Anyone planning to travel by train on Monday, July 15 should allow plenty of extra time and check their journey is still running according to plan, since a general strike across the national rail system has been called for 24 hours.
One of Spain’s largest unions, the Labourers’ Commissions (CCOO), says employees of the rail board RENFE want more staff brought in to ease their workload, shorter working hours and better pay.
If a positive response is not forthcoming, the CCOO says, further industrial action may be staged in August and the strikes could extend to employees of the State rail infrastructure board ADIF.
Staff are calling for RENFE to take on more workers since the transport body’s ‘ageing population’ means employees are retiring faster than they can be replaced.
The CCOO says all vacancies need to be filled and at least a further 5% created.
As at September 2018, RENFE had 13,694 members of staff, but the previous August this was up to 13,723 and workers still felt overstretched even then.
Union representatives say the current numbers mean the rail board is unable to provide the quality of service to customers it would like to see as standard.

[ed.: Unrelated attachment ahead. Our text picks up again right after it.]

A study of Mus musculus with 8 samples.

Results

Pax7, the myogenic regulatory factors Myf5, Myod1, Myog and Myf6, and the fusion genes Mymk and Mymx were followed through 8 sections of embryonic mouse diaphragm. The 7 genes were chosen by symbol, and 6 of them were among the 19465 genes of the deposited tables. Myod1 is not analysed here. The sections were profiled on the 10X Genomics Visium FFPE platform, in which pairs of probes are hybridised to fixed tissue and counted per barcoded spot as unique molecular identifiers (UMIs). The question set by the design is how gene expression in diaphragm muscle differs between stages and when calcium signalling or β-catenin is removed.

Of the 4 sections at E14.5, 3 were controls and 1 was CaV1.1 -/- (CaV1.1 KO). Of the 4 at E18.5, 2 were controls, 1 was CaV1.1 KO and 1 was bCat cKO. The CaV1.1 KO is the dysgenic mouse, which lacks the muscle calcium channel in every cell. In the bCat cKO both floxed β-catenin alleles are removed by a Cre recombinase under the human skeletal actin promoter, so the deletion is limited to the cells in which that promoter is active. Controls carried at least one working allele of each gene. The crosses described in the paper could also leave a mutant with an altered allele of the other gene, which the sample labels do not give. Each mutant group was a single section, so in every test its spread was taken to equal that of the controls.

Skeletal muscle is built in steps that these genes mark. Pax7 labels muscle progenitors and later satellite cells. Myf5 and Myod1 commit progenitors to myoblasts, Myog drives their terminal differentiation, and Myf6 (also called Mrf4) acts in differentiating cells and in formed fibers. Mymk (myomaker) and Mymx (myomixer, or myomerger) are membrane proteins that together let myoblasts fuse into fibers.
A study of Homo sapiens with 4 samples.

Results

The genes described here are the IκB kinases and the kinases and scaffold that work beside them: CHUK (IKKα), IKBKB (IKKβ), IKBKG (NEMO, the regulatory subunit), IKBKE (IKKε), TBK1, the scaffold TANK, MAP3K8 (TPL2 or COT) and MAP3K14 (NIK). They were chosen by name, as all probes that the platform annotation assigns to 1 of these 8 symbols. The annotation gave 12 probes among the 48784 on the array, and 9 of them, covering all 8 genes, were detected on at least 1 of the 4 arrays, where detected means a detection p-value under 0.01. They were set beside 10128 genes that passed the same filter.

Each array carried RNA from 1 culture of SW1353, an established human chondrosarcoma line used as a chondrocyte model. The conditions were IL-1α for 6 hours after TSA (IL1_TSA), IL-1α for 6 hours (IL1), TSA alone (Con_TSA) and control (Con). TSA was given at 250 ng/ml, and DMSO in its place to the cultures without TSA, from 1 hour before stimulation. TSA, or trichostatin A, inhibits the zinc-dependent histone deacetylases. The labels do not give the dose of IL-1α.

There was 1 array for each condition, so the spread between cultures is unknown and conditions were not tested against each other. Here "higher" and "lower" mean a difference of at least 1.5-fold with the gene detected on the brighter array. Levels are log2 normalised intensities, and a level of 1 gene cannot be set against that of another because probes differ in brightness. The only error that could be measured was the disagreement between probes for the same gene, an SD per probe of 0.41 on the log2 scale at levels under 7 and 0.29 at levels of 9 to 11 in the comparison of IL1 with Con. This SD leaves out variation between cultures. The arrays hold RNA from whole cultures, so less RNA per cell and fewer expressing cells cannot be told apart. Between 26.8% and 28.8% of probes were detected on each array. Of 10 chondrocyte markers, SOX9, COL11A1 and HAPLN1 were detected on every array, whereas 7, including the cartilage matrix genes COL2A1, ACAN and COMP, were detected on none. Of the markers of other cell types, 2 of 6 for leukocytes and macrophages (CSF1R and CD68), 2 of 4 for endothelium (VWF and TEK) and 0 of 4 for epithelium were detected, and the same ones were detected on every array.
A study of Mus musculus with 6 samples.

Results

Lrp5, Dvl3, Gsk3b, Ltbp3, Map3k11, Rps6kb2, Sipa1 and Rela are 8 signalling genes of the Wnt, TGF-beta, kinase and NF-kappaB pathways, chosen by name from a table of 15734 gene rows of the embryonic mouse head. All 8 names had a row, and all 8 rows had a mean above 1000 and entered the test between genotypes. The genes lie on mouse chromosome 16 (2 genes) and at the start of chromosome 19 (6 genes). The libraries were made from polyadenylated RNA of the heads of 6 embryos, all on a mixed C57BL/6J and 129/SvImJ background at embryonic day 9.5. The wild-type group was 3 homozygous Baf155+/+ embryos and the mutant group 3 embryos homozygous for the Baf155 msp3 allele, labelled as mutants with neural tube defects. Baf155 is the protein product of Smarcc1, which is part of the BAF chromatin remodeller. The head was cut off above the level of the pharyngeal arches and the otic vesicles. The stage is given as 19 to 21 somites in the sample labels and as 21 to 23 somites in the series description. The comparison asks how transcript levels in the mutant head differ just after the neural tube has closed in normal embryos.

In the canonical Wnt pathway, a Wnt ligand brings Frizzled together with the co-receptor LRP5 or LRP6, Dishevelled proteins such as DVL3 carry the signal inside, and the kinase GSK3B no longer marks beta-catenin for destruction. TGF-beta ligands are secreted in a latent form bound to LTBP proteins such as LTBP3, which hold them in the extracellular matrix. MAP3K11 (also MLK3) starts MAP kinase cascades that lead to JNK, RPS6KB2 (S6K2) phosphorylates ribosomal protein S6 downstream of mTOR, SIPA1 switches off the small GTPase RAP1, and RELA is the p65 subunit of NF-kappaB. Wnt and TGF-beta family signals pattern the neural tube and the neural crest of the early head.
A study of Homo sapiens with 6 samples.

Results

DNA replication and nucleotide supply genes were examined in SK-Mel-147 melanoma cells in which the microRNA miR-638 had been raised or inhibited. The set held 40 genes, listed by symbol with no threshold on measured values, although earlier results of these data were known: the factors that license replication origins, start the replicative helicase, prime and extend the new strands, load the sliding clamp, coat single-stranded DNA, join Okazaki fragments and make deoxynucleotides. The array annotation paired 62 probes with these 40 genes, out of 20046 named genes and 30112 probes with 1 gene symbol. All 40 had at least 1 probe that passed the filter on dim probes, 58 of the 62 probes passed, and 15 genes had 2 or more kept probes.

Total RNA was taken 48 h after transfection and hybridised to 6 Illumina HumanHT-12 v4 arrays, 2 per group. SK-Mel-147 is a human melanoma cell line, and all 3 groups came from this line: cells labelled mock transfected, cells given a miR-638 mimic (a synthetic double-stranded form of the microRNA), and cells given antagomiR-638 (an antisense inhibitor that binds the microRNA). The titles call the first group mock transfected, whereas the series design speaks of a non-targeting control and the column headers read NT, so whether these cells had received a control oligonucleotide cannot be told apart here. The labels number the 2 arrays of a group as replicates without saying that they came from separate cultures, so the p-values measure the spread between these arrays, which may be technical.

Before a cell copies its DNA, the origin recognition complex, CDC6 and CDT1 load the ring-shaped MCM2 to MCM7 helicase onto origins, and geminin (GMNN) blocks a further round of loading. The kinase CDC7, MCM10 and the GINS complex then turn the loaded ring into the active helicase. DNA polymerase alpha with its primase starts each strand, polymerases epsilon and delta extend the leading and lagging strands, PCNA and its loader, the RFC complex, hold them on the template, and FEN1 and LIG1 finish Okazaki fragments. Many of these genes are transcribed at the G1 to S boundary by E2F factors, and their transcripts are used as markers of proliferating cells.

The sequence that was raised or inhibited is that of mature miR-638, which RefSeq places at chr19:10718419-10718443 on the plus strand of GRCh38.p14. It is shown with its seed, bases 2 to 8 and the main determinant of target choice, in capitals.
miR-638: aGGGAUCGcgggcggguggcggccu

RENFE had already agreed to take on extra staff, launching a mass offer of 826 jobs in March, and had pledged to reduce the working week from 40 hours to 37-and-a-half.
The CCOO says all the rail board has done is to guarantee Christmas Eve and New Year’s Eve off and to ‘reduce the working day by 17 minutes’, which it calls ‘taking the mickey’.
Also, the agreed 0.5% salary bonus for productivity in 2017 and 2018 has not been paid.
Previous rail strikes nationwide have often been called off at the last minute, but passengers should not rely on this and should check their trains are running well in advance of setting off for their station.
As transport is considered an essential public utility, striking workers are required to provide at least ‘minimum services’, normally stipulated as approximately 40% or 50% of trains off-peak and up to 70% during rush hour.